This event was to raise money for the Point Loma High School Band. In 2003, the band director quit without notice. The students kept things going with a substitute. Music teacher Larry Zeiger told me about budget cuts and other things that had affected the music program. I said, "It sounds like Mr. Holland's Opus," and he said, "It was like that. Arts programs are the first that get eliminated."

When I first pulled up to this place, I was met by Diana Antonini. I asked, "Are you the valet?" She laughed and said she was just greeting the guests and helping them find parking. I felt bad at the party when we kept talking, because I was keeping her from mingling with the guests. She is the president of the band boosters. She told so many great stories, my favorite being how she met former San Diegan Dennis Hopper when she was a flight attendant. She was afraid to talk to him, and her fellow employees kept coming up to her and bugging her about it. She felt a tap on her shoulder and turned around yelling. It was Hopper, saying hello. All she could think to say was, "I loved you in Easy Rider." Her daughter Lena Anjo was there in her band uniform. She plays clarinet.

I met a few other students in the band. Evan was a drum major and was in uniform. When I asked him why he took it off later on, he said, "I'm going to In-N-Out and didn't want to wear it there." Why anyone would go out for a burger when there were all kinds of appetizers here is beyond me. Although I was stuffed from my previous party, I had to grab a few -- my excuse was that I'd be writing about the food. There was some sort of chicken on a stick, and I said to the guy passing it out, "I would take one of those, but don't want to have to hold that stick when I'm done." He said, "You can throw the stick away." I asked him where and he said, "In a trash can." I looked around and didn't see a trash can, so I decided to pass on that.

Larry Zeiger sat down at the piano and played. After a few songs, he was joined by Sarah Suhonen, who is the choir director. She sang jazz standards. She looked like a combination of Keri Russell and Natalie Portman. The principal of the school and I were sitting there listening. I didn't know if it was rude that others were talking nearby. I didn't want to look directly at her. I felt that would be awkward, so I glanced around the room and tried to keep my eyes on Larry. I asked Sarah about that later and she said, "It is weird when you are looking directly at someone as you sing. But I don't mind when people are talking. It's a party and we are just supposed to create a mood. It's not like people are coming to a concert hall to hear me sing. It would be rude then for them to talk."

I was talking a lot to Leslie, a 1968 graduate of Point Loma High. Her son Eric Pratt plays drums for the school now. She had made a drum out of glass that was being auctioned off. I asked how she did it and she explained, "I drew it up and made a mold. I filled the mold with crushed glass. It's called frit. Then I put it in the fire for three days at about 1,500 degrees." She also decorated it with school symbols.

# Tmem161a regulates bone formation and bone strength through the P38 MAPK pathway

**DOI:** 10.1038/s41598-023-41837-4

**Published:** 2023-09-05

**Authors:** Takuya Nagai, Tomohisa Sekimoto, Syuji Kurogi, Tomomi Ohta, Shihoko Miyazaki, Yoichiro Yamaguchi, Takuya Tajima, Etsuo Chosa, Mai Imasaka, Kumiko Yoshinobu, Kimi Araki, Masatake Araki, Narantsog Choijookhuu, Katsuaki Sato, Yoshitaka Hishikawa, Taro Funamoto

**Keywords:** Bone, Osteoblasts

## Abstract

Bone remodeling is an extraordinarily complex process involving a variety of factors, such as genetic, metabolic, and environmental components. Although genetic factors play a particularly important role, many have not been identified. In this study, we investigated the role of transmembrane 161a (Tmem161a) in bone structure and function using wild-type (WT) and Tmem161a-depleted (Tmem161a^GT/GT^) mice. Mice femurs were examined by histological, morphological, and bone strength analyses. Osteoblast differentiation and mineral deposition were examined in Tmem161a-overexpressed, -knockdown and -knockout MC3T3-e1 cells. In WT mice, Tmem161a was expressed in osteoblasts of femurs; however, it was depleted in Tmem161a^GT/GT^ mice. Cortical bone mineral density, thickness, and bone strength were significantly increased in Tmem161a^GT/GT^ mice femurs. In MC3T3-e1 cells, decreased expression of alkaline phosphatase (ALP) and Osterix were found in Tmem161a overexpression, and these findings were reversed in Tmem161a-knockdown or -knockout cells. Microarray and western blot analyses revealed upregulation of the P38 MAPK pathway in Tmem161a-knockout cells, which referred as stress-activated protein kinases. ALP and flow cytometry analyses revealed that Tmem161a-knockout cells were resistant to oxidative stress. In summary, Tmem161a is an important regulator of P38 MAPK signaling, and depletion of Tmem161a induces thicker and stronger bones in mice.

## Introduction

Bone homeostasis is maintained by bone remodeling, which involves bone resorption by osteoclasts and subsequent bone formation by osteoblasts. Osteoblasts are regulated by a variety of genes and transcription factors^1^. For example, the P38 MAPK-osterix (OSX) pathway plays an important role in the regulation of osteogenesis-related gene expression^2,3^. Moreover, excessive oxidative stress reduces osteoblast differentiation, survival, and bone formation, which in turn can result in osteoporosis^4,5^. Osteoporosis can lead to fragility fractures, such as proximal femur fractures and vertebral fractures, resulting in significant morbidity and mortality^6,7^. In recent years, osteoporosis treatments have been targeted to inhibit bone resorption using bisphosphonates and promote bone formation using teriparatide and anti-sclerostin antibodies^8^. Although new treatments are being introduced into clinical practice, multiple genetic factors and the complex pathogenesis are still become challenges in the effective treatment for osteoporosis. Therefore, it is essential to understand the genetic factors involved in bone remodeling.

Dan Nelson, a professor of music at Point Loma Nazarene University, was here. He does a lot for the music department at PLHS. I talked to one of his former students, John Dally, who is the Point Loma High band director. I asked him if it was tough for the kids, wearing uniforms and tuxedoes on a sunny afternoon, playing their instruments on the front lawn. He said, "They're tough. They can handle it."

I asked him what exactly the job of the conductor is. I remember seeing a story about actor Dudley Moore being allowed to conduct an orchestra. I said, "Aren't the kids really just reading the sheet music? Are they really paying attention to all the hand gestures of the conductor?"

He explained a lot about tempo and if he has worked with them on one specific thing, how a certain hand gesture will remind them of that. He said they do look at both the conductor and the music in front of them and that the conductor is like a coach in sports.

Out by the pool, the Point Loma Nazarene University Jazz Ensemble performed. The pool was huge, and with the lavish gardens all around, one person at the party said to me, "What do you think Scott does for a living that he can own a house like this?" I said, "I don't know, but at least he's cool enough to let charities throw parties here." Former Point Loma High student Glen Fisher finished off the entertainment, playing jazzy tunes on bass with Tom Gates on a steel drum.

Since I had spent a lot of time talking with the people about the high school, I thought I would mingle with others to talk about other topics. I went up to two guys, and they were in the middle of a conversation about how much they loved fencing. I quickly moved on.

I saw one guy who had a beard, but no sideburns. There were two inches of space between his hair and his beard, and it was shaved down in a weird direction. I said something to Leslie about it and she said, "You can't make fun of anyone in this story. It's a fundraiser." Hopefully that guy doesn't read this column. And if he does, maybe he'll think about growing some sideburns. He doesn't have to go Elvis Presley, but there should be something there.